Authors

  • Cyrus R. Safinya,

    Corresponding author
    1. Materials, Physics, and Molecular, Cellular, and Developmental Biology Departments University of California, Santa Barbara, CA 93106, USA
    • Materials, Physics, and Molecular, Cellular, and Developmental Biology Departments University of California, Santa Barbara, CA 93106, USA.

    1. Materials, Physics, and Molecular, Cellular, and Developmental Biology Departments University of California, Santa Barbara, CA 93106, USA

    1. Materials, Physics, and Molecular, Cellular, and Developmental Biology Departments University of California, Santa Barbara, CA 93106, USA

    1. Materials, Physics, and Molecular, Cellular, and Developmental Biology Departments University of California, Santa Barbara, CA 93106, USA

    1. Materials, Physics, and Molecular, Cellular, and Developmental Biology Departments University of California, Santa Barbara, CA 93106, USA

    1. Materials, Physics, and Molecular, Cellular, and Developmental Biology Departments University of California, Santa Barbara, CA 93106, USA

    1. Materials, Physics, and Molecular, Cellular, and Developmental Biology Departments University of California, Santa Barbara, CA 93106, USA

    1. Materials Research Laboratory, University of California, Santa Barbara, CA 93106, USA

    1. Molecular, Cellular, & Developmental Biology Department & Neuroscience Research Institute, University of California, Santa Barbara, CA 93106, USA

    1. National Resource for Automated Molecular Microscopy, Department of Cell Biology, The Scripps Research Institute, La Jolla, California 92037, USA

    1. National Resource for Automated Molecular Microscopy, Department of Cell Biology, The Scripps Research Institute, La Jolla, California 92037, USA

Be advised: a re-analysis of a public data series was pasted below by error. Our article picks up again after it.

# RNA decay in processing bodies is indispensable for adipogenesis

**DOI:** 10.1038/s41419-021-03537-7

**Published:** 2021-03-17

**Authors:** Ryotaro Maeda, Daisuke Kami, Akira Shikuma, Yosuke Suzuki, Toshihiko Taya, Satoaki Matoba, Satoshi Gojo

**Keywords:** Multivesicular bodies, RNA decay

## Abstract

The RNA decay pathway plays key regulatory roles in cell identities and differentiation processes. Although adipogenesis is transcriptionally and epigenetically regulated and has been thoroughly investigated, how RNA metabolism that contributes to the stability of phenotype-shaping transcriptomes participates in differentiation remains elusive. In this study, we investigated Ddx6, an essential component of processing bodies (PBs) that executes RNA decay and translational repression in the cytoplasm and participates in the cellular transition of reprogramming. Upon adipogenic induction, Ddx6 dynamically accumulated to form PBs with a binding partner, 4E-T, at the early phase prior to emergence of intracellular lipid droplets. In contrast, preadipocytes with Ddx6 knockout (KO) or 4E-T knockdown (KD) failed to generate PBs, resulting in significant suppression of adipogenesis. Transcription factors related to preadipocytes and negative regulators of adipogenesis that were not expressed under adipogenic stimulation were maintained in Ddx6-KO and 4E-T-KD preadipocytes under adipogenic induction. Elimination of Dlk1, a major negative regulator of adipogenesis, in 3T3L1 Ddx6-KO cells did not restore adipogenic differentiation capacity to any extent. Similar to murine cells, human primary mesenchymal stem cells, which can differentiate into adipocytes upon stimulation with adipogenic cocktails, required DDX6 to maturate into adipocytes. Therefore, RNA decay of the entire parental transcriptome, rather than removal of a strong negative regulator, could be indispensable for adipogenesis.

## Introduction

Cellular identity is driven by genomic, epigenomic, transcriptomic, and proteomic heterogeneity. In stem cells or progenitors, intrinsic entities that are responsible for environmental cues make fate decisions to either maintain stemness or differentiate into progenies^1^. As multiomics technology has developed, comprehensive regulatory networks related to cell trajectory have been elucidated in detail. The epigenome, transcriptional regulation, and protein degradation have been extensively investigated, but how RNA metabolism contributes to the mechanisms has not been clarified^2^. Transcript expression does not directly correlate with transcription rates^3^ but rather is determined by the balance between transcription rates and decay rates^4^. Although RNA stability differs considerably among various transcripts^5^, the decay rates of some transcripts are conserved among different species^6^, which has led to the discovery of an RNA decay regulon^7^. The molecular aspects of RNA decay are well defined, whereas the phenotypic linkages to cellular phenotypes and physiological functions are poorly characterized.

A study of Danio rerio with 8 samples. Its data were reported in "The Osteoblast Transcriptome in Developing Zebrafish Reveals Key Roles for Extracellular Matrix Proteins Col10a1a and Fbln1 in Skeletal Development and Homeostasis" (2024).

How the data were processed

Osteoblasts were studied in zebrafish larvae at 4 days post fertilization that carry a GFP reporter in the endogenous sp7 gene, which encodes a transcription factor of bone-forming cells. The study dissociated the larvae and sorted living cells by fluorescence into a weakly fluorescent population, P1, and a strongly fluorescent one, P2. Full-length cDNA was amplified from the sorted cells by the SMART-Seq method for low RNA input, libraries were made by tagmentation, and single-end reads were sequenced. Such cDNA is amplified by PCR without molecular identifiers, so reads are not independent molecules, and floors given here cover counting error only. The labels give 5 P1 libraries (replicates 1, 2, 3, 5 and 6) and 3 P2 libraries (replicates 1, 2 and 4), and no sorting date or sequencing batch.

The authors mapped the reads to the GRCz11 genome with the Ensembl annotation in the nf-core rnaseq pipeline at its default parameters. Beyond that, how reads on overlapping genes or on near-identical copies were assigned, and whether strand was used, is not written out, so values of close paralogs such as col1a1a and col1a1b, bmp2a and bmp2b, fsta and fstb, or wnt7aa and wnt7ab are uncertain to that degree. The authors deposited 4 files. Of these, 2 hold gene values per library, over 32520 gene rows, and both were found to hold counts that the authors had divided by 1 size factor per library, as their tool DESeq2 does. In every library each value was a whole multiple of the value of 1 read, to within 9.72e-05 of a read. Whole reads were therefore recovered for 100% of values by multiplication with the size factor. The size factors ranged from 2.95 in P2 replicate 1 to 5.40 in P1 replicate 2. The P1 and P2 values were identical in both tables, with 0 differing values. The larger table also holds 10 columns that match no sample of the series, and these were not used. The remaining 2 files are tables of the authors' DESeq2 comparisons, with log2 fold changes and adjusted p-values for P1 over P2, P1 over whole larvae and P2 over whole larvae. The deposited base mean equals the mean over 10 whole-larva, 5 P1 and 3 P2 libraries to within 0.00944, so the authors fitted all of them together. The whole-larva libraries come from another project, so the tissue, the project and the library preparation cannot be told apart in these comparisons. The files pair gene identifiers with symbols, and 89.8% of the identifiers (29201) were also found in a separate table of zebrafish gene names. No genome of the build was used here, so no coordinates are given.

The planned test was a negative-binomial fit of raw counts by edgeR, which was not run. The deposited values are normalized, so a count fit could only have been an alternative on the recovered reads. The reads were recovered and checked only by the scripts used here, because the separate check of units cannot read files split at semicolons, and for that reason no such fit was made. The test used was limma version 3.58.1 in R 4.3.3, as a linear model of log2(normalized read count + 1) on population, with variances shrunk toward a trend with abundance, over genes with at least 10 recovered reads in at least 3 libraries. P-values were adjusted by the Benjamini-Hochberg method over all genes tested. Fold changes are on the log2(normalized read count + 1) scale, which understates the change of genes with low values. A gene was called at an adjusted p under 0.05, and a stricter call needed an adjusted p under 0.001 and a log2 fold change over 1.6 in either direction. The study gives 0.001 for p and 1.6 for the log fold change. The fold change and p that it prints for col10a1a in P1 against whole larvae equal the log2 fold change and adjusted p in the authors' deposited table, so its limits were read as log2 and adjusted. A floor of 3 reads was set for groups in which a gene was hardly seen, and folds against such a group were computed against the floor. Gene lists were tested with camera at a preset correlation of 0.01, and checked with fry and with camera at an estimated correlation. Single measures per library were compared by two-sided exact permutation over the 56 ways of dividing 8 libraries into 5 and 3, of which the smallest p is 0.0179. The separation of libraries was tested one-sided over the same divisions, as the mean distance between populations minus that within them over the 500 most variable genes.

1. National Resource for Automated Molecular Microscopy, Department of Cell Biology, The Scripps Research Institute, La Jolla, California 92037, USA

    1. Department of Physics, Korea Advanced Institute of Science and Technology (KAIST), Daejeon 305–701, South Korea

    1. Molecular, Cellular, & Developmental Biology Department & Neuroscience Research Institute, University of California, Santa Barbara, CA 93106, USA

    1. Molecular, Cellular, & Developmental Biology Department & Neuroscience Research Institute, University of California, Santa Barbara, CA 93106, USA

The review will describe experiments inspired by the rich variety of bundles and networks of interacting microtubules (MT), neurofilaments, and filamentous-actin in neurons where the nature of the interactions, structures, and structure-function correlations remain poorly understood. We describe how three-dimensional (3D) MT bundles and 2D MT bundles may assemble, in cell free systems in the presence of counter-ions, revealing structures not predicted by polyelectrolyte theories. Interestingly, experiments reveal that the neuronal protein tau, an abundant MT-associated-protein in axons, modulates the MT diameter providing insight for the control of geometric parameters in bio- nanotechnology. In another set of experiments we describe lipid-protein-nanotubes, and lipid nano- tubes and rods, resulting from membrane shape evolution processes involving protein templates and curvature stabilizing lipids. Similar membrane shape changes, occurring in cells for the purpose of specific functions, are induced by interactions between membranes and proteins. The biological materials systems described have applications in bio-nanotechnology.